From October 2-4, 2020, the American Institute for Economic Research hosted a small conference for scientists to discuss the harms of the Covid-19 lockdowns, and maybe hint at a path back to normal life. Organized by Martin Kulldorff, Sunetra Gupta, and Jay Bhattacharya, the conference made a scientific case for shifting away from the heavy-handed lockdowns of the initial Spring 2020 outbreak. On their final day together in Great Barrington, the scientists wrote a short statement of principles, calling it the Great Barrington Declaration. This Declaration, their Declaration, touched a nerve well beyond the scientific community, and well beyond anything they or AIER could have expected. So here we are, a year later. Where do we stand?
The aim that our guests had in offering the Great Barrington Declaration was to spark scientific dialogue that had been missing from the lockdown discussions until that point. It was AIER’s goal to facilitate this dialogue. The Declaration was a success in bringing, for the first time since the pandemic started, an anti-lockdown voice to mainstream policy discussion. The signatories’ stance was generally in line with the pre-pandemic plans that many, if not most mainstream authorities, (the World Health Organization, the epidemiology center at Johns Hopkins University, and the Centers for Disease Control to name just three) held. People tend to forget what the pre-2020 conventional wisdom on pandemics even was.
As successful as we think the Great Barrington Declaration was, it failed in a number of respects as well. We did not, for example, anticipate the vilification the Declaration would receive from any number of people, ranging from the progressive left to self-described libertarians.
Immediately after the website launched, it was hit by a hoax signature campaign instigated on Twitter by pro-lockdown journalist Nafeez Ahmed. Most of the fake signatures were caught within hours and removed, but not before a hostile news media used them to manufacture a false story about their own self-created controversy over signatures from “Dr. Johnny Bananas” and similar easily-caught pseudonyms.
Related: Catholic schools will sue Dane County Madison Public Health to open as scheduled
Notes and commentary from Scott Girard:
“While Heinrich allowed schools to use their premises for child care and youth recreational activities, the government barred students from attending Mass, receiving Holy Communion at weekly Masses with their classmates and teachers, receiving the sacrament of Confession at school, participating in communal prayer with their peers, and going on retreats and service missions throughout the area.”
“Reasonable” should mean that the public health authorities followed their own internal guidelines for evaluating regulations. These include posting the scientific evidence leading to the regulation, receiving community input, and studying the effectiveness and sustainability of the regulation. In the case of Covid and the schools all this was ignored in Dane County. There was no evidence of transmission in children of school age at the start, the community’s wish to have the schools open was ignored and, over time, it was seen that surrounding counties kept their schools open without increasing Covid transmission – and this last point was completely ignored by Dane County. But the Supreme Court didn’t address the issue of irresponsible public health officials. Perhaps it cannot as Owen pointed out. Perhaps dereliction of duty must be addressed by criminal courts. Instead the Supreme Court answered a different question which might be put as follows: suppose a majority of children in a given community refused the regular vaccines – or refuse the covid vaccine – can the public health authorities close the school? The answer was no. This is significant because racism has been defined as a public health issue. Suppose a majority of parents refused to allow their children to attend a CRT seminar defined as immunization against racism and required for admittance to school. Could the public health authorities close that school. No. In the past certain religious tests have been required before attendance at universities was allowed and non-conforming universites have been closed. If racism is a public health issue the Test Acts may return as public health tests and if that happened we may be sure Dane County would adopt Test Regulations closing non-conforming public schools if it could. Then this Court decision, barring such Test Regulations, would seem far-sighted.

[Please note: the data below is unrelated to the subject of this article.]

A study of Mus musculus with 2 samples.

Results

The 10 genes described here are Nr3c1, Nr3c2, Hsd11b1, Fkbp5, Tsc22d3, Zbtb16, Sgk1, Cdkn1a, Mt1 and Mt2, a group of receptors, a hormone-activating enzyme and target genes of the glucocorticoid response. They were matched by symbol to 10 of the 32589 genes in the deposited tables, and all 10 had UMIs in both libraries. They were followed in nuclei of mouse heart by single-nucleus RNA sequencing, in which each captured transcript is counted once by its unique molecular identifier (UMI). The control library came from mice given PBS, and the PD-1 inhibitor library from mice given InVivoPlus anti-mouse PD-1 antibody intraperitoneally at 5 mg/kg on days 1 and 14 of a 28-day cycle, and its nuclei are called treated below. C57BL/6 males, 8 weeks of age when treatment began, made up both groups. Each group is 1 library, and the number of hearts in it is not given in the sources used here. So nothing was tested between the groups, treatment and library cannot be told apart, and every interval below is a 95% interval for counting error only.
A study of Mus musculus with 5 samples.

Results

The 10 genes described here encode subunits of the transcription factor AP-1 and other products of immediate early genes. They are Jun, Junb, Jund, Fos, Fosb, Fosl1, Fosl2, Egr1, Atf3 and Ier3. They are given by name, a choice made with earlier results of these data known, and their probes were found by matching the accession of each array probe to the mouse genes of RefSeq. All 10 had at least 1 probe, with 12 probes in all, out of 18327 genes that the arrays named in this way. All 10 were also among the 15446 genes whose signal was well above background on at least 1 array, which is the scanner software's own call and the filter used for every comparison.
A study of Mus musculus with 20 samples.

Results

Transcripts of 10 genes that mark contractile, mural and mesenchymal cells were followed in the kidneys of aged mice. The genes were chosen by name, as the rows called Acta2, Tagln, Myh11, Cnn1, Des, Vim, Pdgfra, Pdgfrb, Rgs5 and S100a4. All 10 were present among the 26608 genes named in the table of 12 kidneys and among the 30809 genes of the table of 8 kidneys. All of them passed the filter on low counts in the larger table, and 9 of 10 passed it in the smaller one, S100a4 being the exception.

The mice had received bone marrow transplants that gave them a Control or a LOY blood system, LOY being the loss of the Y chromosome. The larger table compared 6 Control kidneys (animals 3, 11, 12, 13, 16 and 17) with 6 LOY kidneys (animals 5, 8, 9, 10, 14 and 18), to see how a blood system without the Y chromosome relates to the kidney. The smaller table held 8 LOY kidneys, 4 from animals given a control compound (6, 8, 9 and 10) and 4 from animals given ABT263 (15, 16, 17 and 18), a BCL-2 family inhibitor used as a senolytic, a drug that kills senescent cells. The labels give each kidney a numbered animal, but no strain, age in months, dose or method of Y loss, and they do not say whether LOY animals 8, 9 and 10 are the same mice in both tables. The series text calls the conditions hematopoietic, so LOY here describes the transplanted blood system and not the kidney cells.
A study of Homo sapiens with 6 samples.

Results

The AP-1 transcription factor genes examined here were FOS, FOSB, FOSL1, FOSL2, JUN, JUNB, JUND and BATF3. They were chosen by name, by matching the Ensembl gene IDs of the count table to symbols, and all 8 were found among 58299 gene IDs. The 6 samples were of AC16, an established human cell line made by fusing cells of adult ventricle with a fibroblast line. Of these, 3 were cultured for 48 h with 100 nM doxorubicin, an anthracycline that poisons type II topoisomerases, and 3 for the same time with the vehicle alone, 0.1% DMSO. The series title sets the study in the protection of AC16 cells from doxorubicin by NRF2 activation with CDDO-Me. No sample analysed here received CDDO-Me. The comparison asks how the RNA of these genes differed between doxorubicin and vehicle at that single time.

which pushed Dane County this week not to calculate its percentage of positive tests — a data point the public uses to determine how intense infection is in an area.
While positive test results are being processed and their number reported quickly, negative test results are taking days in some cases to be analyzed before they are reported to the state.
The department said it was between eight and 10 days behind in updating that metric on the dashboard, and as a result it appeared to show a higher positive percentage of tests and a lower number of total tests per day.
The department said this delay is due to the fact data analysts must input each of the hundreds of tests per day manually, and in order to continue accurate and timely contact tracing efforts, they prioritized inputting positive tests.
“Positive tests are always immediately verified and processed, and delays in processing negative tests in our data system does not affect notification of test results,” the department said in a news release. “The only effect this backlog has had is on our percent positivity rate and daily test counts.”
Staff have not verified the approximately 17,000 tests, which includes steps such as matching test results to patients to avoid duplicating numbers and verifying the person who was tested resides in Dane County.
All 77 false-positive COVID-19 tests come back negative upon reruns.